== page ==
Beyond Bilateralism: The U.S.-Japan Relationship in the New Asia-Pacific
MONDAY, OCTOBER 4, 2004
Professor T.J. Pempel, director of the Institute of East Asian Studies and professor of political science at the University of California, Berkeley, will speak at the Athenaeum in a lecture sponsored by the Keck Center for International and Strategic Studies at CMC. In his Athenaeum address, Professor Pempel will assess how three major transformations occurring in the Asia-Pacific are affecting the U.S.-Japan relationship. First, the geo-political structures of the Asia-Pacific have been transformed by the end of the Cold War, the rise of China as a major economic and strategic power, and the increase in intra-state conflict and non-state terrorism. Second, capital flows across borders have increased exponentially. And third, multi-lateral organizations have sprung up in the trade, finance, and security areas across the Asia-Pacific.
Despite these historic transformations, most previous studies have treated the U.S.-Japan relationship as if it operated in a vacuum, ignoring its regional context and treating each of the bilateral partners as the primary source of influence on the other. Pempel will examine how and to what extent the crucial global and regional security, finance, and trade transformations have altered the U.S.-Japan relationship, moving it "beyond bilateralism."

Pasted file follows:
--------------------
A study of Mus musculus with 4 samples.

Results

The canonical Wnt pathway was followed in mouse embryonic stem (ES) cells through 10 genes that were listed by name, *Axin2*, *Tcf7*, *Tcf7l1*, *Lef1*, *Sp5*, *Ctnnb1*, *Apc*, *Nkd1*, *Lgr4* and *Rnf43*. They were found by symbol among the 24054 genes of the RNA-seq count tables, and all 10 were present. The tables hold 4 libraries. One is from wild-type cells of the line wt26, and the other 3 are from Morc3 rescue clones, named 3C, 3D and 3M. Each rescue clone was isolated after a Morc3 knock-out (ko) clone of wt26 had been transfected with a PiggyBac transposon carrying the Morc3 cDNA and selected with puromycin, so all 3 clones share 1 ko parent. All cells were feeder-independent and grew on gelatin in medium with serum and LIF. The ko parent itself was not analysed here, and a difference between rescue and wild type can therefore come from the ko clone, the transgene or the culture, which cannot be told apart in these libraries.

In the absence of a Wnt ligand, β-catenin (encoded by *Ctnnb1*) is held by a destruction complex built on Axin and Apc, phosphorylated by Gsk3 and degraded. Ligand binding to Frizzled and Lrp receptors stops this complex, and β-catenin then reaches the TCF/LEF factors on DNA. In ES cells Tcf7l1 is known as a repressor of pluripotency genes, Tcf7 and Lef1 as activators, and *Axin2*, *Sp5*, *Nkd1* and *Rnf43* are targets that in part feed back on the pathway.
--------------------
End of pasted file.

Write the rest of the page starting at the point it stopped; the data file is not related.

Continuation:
Professor Pempel received his B.A., M.A. and Ph.D. degrees from Columbia University and has taught at Cornell University and the Universities of Wisconsin, Colorado, and Washington. He has been a member of various professional bodies, including the Social Science Research Council's Committee on Japanese Studies that he chaired from 1994–96; the Fulbright Commission on Political Science that he chaired from 1988–90; and the American Political Science Association's Committee on International Exchange that he chaired from 1994-96.
The author of twelve books and over eighty articles, Pempel's research interests have concentrated on the Japanese political economy, particularly within a comparative perspective, as well as on problems of the Asian region. His books include Policy and Politics in Japan: Creative Conservatism (1982); Uncommon Democracies: The One Party Dominant Regimes (1990); and most recently a coedited volume published in 2004, Beyond Bilateralism: U.S.-Japan Relations in the New Asia-Pacific.